In a recent survey of residents in Nueces and San Patricio Counties, respondents said they were happy for the recent industrial growth in the Coastal Bend. Development of shipping channels and the infrastructure to support them creates a steady supply of good jobs, many of them say. However, despite all the new jobs, researchers and leaders alike recognize there's a problem:
There's nowhere for those workers to live.
The chief reasons the housing supply is so low is Hurricane Harvey. The destructive winds damaged thousands of housing units (both for renting and for buying), reducing a great deal of the available housing stock in the area. Iain Vasey, the president and CEO of Corpus Christi's Regional Economic Development Corporation, says that at the rate people will need housing vs. how many new houses are built in the region, the Coastal Bend is short by 1,000 to 1,500 homes every year.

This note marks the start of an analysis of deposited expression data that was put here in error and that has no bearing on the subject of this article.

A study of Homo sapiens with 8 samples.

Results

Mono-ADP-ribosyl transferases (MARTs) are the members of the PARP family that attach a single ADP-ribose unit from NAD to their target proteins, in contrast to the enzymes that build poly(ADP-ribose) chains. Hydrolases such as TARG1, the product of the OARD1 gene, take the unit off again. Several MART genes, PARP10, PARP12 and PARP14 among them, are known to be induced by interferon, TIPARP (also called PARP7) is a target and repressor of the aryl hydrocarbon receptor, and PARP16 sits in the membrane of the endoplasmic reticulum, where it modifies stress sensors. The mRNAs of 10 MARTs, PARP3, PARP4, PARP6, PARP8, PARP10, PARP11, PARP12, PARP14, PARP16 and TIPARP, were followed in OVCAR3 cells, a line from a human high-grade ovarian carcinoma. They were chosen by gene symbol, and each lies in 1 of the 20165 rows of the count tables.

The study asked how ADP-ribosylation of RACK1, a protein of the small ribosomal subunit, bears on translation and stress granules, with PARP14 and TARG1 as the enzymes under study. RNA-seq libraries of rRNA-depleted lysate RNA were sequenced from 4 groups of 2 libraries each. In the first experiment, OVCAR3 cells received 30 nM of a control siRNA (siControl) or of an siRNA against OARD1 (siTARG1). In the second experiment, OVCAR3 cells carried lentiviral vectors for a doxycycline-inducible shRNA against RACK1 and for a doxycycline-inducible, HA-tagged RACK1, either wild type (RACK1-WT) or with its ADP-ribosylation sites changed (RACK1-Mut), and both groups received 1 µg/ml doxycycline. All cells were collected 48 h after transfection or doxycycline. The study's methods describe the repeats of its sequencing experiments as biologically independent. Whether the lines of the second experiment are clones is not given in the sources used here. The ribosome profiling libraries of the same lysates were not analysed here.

He adds that in addition to new houses, there is an immediate need for new apartment buildings. With people still rebuilding their homes after last year's hurricane season, the housing market will only continue to get more expensive.
Business owners and leaders from other areas of the Coastal Bend believe that the rebuilding process has mostly been slowed down by two things: the lack of contractors, and insurers delaying claims. Jeff Hentz, the president and CEO of the Port Aransas Chamber of Commerce, says that available housing in the tourism center is lower than even his recent estimates were saying—and he believes its because of delayed insurance claims.
If you lost your home or your business in Port Aransas, Rockport, or Corpus Christi and your insurer isn't budging on your windstorm claim, call our Hurricane Harvey law firm. We have the resources to put pressure on your insurer to do what they promised: help you rebuild.